No, the person who asked that question was not a scout for the Reader's Digest "My Most Unforgettable Character" series.

Anyway, the answer, given after some thought, was: "Each impressed me in a different way. And there is no way I will say who impressed me most. However, I will say that a local lady named Janet Taylor Caldwell rates among the five most impressive people."

For the sake of those who came in late, I will say that when Taylor Caldwell first entered the publishing field, women were not welcome. Hence the name "Taylor Caldwell." Here I will note that her intimates knew her as Janet.

Later she would explain that as a housewife with two children, she wrote stories that kept the wolf from the table. And the feeling here is that some analysts would argue on both sides that this was the reason she disliked most women.

As I wrote that last sentence, I had to think of one night when the people at Channel 4 wanted to interview her because her book "Captains and the Kings" would be serialized by the CBS-TV network.

The person who did the interviewing showed up in slacks and got monosyllabic answers. Afterward a station executive asked me about that situation. "She doesn't like women in slacks," I said. "Have the same person appear in a dress and see what happens."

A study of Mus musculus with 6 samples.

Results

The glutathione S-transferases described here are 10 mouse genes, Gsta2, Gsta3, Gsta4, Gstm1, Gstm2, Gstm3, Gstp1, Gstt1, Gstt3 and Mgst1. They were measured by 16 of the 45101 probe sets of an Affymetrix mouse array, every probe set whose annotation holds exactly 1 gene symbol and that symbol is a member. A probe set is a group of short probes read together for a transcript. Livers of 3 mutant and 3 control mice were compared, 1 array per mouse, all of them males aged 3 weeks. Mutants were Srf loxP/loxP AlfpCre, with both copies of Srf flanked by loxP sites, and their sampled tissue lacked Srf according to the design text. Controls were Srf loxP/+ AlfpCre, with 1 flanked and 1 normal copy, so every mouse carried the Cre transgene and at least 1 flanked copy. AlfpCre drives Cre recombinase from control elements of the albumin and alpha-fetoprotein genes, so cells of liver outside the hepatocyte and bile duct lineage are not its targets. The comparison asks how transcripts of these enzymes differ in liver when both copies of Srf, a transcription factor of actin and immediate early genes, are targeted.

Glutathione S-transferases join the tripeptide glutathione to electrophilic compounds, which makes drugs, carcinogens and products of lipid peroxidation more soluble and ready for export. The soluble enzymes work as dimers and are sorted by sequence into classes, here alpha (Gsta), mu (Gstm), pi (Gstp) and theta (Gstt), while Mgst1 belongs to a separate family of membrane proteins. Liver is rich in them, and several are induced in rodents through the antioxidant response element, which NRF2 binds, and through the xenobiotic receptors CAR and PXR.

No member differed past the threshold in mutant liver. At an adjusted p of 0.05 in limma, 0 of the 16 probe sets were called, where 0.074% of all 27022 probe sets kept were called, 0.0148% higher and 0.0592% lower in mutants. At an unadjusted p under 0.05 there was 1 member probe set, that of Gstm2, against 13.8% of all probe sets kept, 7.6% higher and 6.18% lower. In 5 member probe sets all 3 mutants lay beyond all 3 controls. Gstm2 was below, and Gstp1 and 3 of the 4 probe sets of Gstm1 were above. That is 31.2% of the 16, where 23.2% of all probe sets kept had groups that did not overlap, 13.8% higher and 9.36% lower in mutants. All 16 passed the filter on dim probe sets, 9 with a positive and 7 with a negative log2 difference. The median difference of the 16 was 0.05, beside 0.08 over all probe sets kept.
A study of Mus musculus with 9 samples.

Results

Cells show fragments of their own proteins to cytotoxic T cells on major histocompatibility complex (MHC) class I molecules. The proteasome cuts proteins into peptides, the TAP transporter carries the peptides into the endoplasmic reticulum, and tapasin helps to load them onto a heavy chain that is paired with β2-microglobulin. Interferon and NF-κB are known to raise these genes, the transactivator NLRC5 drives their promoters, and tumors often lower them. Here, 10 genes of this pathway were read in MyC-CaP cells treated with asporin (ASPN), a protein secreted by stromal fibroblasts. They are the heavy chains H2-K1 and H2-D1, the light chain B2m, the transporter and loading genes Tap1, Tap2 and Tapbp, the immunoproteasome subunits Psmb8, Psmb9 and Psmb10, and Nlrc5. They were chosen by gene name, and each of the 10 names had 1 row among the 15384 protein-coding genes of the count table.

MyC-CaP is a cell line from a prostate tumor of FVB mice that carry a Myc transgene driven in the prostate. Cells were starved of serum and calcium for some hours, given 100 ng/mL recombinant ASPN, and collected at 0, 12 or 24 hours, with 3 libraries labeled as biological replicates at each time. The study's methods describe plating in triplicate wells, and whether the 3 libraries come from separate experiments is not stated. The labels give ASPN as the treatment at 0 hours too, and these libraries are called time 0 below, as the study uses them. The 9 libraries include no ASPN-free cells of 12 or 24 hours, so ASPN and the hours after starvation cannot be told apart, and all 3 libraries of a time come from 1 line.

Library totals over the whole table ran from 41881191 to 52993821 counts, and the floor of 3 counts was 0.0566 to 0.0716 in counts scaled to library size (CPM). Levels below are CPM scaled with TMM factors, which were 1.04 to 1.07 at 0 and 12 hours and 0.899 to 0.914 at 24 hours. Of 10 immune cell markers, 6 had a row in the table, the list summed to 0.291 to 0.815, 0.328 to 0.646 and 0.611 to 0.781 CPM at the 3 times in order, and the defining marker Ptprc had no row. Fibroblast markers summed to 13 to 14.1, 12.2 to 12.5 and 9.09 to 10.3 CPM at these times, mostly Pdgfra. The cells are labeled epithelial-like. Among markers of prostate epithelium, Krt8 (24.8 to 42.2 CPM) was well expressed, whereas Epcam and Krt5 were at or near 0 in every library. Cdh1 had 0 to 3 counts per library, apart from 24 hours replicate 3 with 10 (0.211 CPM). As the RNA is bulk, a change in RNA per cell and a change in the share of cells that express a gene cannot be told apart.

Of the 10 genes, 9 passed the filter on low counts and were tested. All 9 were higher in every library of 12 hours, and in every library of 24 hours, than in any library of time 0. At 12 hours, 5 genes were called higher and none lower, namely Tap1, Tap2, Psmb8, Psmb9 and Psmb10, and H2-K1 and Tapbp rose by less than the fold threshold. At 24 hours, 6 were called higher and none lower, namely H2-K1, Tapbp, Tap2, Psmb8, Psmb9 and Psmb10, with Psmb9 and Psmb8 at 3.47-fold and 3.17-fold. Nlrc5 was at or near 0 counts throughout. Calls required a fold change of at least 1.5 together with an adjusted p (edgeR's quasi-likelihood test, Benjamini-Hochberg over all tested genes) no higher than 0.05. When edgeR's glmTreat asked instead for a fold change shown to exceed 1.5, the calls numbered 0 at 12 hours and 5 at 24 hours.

That was done and the resultant interview went smoothly.

On another occasion she was dedicating a library at a college and said, "There has never been a female genius." All the nuns running the college seemed to agree.

Then there was the time the officials at St. Bonaventure University asked her to be the commencement speaker and gave her an honorary degree. She didn't make the speech -- I did, and that's another story -- but accepted the degree.

Then she refused to make a donation to the university because the student association had invited Jane Fonda to speak on the campus. I pointed out that it was the student association, not the officials, who invited Ms. Fonda, but Janet was adamant.

Then there was the day a female staff writer for the New York Times called to say she was on her way to interview Ms. Caldwell. I gave some details of what that might bring, but the Times writer persisted. Later that writer told me how nice Ms. Caldwell had been.

Go figure. My take was that Janet always had the impression that she was the proverbial "prophet without honor in her own land" and thus was happy about the Times exposure.

Friday night some of us were reminiscing about Janet and there was mention made of Everett Stancell, "who got Janet away from Western New York though she loved it here."

Though I knew the name was incorrect, I couldn't come up with the right one. Then it hit me the next day, and I recalled the name of Stancell, who was Janet's third husband.

It was Robert Prestie, Janet's fourth and final husband, who moved her to Greenwich, Conn. And yes, I went to the wedding of Janet and Prestie at St. Benedict's Catholic Church in Eggertsville.

Come to think of it, I was also on the scene for the Stancell wedding. But that doesn't explain why one of Janet's books is dedicated to Everett Stancell and me.

Now I found myself wondering if Reader's Digest has a series called "One of My Most Unforgettable Characters."